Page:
Alzheimer's disease (AD) is a dementia that affects 4 million elderly individuals in the USA and this number is projected to quadruple by 2050. This neurodegenerative disorder strikes 4% of individuals at 65 years of age and as many as 40% of those at age 85 at a cost of over $100 billion annually. There is an urgent need for effective therapeutic interventions that may prevent, delay the age of onset or relent the course of this dementia. Transgenic (Tg) mice expressing human AD genes such as amyloid-? precursor protein (APP), presenilin (PS), the microtubule protein tau, ?-amyloid cleaving enzyme-1 (BACE-1), and a-synuclein have provided tools to investigate both the pathogenesis and the efficacy of treatments for these neuropathological disorders. Our goal, in Specific Aim 1, is to better understand the strengths and limitations of several Tg mice models by establishing the degree of biochemical similarities and differences between these paradigms and human AD subjects.
In Specific Aim 2, soluble and deposited A? remaining after anti- A? active and passive immunizations of AD patients will be quantitatively and qualitatively assessed in gray and white matter and cerebral vasculature to evaluate the effects of immunization on A? dynamics and its clinical impact on the course of AD.
In Specific Aim 3, the APP and A? peptides retained in the brain microsomal, mitochondrial and lipid raft brain fractions in AD and non-demented controls will be determined to better understand the role of neuronal and glial participation in the pathophysiology of AD. To achieve these three objectives physicochemical techniques involving the use of density and affinity gradients, chaotropic agents, multiple chromatographic separations, amino acid analysis, peptide sequencing, mass spectrometry, bioinformatics data bases, immunoassays and Western blotting will be implemented. The proposed studies will: 1) aid in the accurate interpretation of Tg mouse experimental responses, 2) help to elucidate at the molecular level the direct and indirect effects of anti- A? immunization and 3) discover the pathological consequences, beyond soluble A? and deposited amyloid, of membrane-retained APP/ A? peptides. A more complete understanding of AD molecular phenotypes and their clinical responses will aid in the discovery and application of efficacious treatments that will prevent AD or enhance the quality of life of AD patients.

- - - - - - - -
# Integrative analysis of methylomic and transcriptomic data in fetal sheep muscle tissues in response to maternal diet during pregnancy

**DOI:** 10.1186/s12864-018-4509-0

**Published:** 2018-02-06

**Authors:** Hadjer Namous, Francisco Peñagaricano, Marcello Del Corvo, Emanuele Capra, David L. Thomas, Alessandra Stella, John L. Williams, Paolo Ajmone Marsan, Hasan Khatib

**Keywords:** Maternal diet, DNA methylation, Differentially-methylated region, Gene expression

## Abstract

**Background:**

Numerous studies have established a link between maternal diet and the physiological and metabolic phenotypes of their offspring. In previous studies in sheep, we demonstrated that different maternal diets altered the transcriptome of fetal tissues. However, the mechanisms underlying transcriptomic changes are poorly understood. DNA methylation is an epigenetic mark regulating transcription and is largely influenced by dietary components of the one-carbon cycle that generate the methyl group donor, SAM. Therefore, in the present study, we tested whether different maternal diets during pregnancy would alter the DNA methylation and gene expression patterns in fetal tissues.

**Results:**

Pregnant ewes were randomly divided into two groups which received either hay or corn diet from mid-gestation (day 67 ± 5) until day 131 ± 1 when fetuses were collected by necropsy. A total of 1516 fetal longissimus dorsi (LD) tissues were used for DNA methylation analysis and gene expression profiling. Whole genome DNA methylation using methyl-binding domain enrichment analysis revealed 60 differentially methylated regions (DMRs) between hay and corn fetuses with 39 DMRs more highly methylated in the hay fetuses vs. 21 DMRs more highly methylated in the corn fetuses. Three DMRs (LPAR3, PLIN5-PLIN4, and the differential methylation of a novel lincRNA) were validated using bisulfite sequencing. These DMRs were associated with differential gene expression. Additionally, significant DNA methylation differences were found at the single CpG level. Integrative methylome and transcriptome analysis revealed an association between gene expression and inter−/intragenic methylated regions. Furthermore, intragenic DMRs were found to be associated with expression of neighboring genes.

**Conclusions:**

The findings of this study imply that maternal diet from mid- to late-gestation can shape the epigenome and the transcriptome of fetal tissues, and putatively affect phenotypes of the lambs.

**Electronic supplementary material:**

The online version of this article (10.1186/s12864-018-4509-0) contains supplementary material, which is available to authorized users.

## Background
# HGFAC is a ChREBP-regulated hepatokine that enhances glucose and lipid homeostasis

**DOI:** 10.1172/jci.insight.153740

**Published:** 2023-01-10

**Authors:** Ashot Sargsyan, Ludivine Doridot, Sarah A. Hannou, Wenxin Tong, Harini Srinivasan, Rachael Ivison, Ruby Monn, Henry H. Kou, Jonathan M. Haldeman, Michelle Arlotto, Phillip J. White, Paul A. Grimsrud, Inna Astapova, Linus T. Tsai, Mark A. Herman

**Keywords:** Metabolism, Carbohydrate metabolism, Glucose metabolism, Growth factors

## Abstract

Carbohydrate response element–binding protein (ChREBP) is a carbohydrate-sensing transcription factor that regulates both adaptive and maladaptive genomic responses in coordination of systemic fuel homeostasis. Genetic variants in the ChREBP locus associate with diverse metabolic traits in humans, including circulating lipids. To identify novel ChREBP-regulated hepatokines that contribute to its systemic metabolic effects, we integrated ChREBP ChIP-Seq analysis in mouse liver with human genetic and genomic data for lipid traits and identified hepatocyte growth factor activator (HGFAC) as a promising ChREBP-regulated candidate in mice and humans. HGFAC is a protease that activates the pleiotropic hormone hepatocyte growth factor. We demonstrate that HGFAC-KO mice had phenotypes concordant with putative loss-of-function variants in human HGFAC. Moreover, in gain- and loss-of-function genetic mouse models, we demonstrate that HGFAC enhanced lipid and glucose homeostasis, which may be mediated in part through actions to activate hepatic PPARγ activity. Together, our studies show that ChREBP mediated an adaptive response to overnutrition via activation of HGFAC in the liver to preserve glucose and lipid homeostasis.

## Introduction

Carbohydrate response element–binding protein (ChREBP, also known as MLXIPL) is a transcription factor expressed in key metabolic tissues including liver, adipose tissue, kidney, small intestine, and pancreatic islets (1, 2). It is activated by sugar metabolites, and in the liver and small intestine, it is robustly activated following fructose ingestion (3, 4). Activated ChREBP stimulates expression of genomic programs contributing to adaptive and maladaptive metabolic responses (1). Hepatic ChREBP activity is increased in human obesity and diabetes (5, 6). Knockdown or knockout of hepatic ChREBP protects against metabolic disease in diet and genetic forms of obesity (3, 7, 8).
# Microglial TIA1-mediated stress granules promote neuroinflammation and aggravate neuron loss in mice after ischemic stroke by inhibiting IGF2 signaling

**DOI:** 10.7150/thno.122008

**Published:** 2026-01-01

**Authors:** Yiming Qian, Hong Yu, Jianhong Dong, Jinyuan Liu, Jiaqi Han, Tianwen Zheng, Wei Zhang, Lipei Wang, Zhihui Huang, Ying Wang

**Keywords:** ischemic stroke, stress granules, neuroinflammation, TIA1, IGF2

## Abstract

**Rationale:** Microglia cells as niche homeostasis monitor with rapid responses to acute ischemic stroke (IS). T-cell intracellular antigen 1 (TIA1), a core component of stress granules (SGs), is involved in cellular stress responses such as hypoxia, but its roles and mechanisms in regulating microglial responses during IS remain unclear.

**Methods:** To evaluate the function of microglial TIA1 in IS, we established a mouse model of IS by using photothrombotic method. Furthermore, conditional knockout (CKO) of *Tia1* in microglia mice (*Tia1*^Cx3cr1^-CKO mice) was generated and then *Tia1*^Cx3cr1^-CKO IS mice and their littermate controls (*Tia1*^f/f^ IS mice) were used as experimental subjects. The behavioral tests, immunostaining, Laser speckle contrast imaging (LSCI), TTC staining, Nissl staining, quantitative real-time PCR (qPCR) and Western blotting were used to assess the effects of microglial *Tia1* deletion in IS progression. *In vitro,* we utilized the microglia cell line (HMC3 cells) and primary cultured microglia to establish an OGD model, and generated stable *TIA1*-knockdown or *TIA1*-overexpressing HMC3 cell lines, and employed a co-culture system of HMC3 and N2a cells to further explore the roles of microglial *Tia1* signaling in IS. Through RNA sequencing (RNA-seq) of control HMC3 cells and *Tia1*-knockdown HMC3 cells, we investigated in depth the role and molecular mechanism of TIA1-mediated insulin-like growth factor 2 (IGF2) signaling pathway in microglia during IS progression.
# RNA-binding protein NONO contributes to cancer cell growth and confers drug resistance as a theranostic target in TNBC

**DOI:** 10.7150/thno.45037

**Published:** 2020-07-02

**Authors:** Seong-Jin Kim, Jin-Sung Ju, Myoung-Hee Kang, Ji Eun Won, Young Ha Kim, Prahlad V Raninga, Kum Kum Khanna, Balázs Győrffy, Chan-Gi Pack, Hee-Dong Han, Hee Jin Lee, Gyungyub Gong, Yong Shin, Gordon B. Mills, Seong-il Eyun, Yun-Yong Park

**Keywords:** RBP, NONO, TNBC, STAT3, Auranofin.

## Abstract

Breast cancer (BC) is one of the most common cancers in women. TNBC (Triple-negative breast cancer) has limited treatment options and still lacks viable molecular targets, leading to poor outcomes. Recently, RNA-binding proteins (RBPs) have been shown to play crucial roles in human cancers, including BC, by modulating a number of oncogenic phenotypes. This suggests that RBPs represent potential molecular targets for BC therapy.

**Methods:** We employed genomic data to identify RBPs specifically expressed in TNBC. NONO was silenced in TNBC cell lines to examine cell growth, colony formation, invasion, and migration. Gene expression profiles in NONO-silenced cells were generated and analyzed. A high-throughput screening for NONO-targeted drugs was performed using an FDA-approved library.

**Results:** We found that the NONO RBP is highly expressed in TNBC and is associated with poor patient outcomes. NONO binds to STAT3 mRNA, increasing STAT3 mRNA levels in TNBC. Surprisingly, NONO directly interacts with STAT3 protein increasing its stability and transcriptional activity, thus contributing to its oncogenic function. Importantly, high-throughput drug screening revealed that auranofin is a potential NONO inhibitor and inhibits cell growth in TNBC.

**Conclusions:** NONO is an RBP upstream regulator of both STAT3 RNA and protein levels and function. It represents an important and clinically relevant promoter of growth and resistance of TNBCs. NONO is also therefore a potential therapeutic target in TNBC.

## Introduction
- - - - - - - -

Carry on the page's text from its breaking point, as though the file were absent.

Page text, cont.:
More than 5 million Americans already suffer from Alzheimer's disease and this number is expected to quadruple by the year 2050, making the development of effective remedial interventions to prevent, delay the onset or slow the progression of this devastating dementia a national imperative. We know neither the cause nor posses a means to cure AD today, but meticulous chemical studies of human brains and animal models will help to elucidate the fundamental molecular basis of Alzheimer's disease and reveal the precise pathological changes that occur in the human brain during the development of this disease. This knowledge will provide the essential bases for the development of the next generation of medicinal interventions that will prevent Alzheimer's disease or enhance the quality of life of individuals with this dementia.